Urban governance and state entrepreneurialism

Key reference

Fulong Wu. 2020. The state acts through the market: ‘state entrepreneurialism’ beyond varieties of urban entrepreneurialism. Dialogue in Human Geography 10(3) 326–329. [full paper in pdf]

Abstract. This commentary reflects on varieties of urban entrepreneurialism and rethinks its application to China. I argue that the state is proactively using market instruments for more strategic and developmental objectives in China. Characterized by ‘planning centrality, market instruments’, state entrepreneurialism manifests a different state–market relation: the state acts through the market rather than just being market friendly. In the post-crisis West, it is claimed that urban entrepreneurialism mutates into a financialized value extraction machine. Similarly, state entrepreneurialism reveals the usefulness but also the limits of the concept of urban entrepreneurialism. State entrepreneurialism adds a new narrative to the current description of governance changes associated with financialization and market operations.

Fulong Wu. 2018. Planning centrality, market instruments: governing Chinese urban transformation under state entrepreneurialism. Urban Studies 55(7):1383–99. [full paper in pdf]

Abstract. This article defines the key parameters of ‘state entrepreneurialism’ as a governance form that combines planning centrality and market instruments, and interprets how these two seemingly contradictory tendencies are made coherent in the political economic structures of post-reform China. Through examining urban regeneration programmes (in particular ‘three olds regeneration’, sanjiu gaizao), the development of suburban new towns and the reconstruction of the countryside, the article details institutional configurations that make the Chinese case different from a neoliberal growth machine. The contradiction of these tendencies gives room to urban residents and migrants to develop their agencies and their own spaces, and creates informalities in Chinese urban transformation.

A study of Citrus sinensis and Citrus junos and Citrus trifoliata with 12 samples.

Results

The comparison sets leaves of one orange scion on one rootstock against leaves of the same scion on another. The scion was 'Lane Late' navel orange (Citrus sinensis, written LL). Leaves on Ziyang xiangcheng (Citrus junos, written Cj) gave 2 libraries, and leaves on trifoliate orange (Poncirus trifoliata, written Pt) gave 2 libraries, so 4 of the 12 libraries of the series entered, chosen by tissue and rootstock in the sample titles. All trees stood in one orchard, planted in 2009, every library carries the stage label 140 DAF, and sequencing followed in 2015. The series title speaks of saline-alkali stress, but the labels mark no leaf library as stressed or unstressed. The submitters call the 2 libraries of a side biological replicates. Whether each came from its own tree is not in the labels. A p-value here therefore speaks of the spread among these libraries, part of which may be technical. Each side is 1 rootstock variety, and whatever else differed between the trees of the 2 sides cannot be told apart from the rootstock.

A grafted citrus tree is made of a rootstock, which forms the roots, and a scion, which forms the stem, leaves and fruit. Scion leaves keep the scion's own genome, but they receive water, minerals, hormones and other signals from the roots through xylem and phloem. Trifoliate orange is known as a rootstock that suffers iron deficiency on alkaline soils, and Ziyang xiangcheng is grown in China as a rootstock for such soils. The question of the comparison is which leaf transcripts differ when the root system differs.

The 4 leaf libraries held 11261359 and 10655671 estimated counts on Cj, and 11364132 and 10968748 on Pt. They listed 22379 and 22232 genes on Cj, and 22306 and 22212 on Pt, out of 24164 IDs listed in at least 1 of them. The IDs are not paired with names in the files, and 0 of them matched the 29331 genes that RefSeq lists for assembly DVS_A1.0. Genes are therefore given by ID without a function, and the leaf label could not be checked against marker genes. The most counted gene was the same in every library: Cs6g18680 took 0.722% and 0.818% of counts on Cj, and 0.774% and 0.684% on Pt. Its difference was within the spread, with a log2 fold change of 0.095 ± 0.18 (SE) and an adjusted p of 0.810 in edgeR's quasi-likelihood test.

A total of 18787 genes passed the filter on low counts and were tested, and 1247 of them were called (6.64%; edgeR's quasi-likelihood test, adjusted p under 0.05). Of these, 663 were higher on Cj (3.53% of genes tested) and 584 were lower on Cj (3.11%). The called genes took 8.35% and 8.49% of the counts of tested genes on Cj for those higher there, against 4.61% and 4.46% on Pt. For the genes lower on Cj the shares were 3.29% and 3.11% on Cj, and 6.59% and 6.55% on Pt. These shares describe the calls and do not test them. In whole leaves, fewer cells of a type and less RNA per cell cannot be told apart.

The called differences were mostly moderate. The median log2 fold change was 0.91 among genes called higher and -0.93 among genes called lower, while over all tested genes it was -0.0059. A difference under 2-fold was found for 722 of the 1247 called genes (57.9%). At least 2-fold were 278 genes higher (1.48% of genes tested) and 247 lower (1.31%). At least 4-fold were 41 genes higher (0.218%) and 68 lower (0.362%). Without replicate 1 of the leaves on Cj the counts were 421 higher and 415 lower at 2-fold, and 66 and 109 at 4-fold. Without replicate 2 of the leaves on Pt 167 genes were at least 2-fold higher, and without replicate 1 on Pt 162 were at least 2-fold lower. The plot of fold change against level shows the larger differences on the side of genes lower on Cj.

Fulong Wu. 2017. State entrepreneurialism in urban China: A critique of the neoliberal city. In G. Pinson and C. M. Journel (eds.) Debating the Neoliberal City (pp. 153-173). Abingdon, Oxon, Routledge. [download pdf here]

Abstract. This chapter aims to understand China’s specific development regime through reviewing the origin of market-oriented reform and its pathway, through which a new space of accumulation has been created. The Chinese characteristics are not idiosyncratic practices resulting from an authoritarian state. The understanding of “state entrepreneurialism” has two pivotal premises: commodification and monopolization. The change in China is not a post-Keynesian shift but rather the creation of market means to expand the space of accumulation. The study of state entrepreneurialism is thus different from that of governmentality, because attention is not paid to individualization, market choices and the market itself but rather to how these choices are structurally conditioned and made. Market-oriented reform in China did not originate in an ideological shift. The policy of marketization and an open door to the global economy was adopted to create a new space of accumulation. The regime of accumulation under state socialism was based on state ownership of production factors.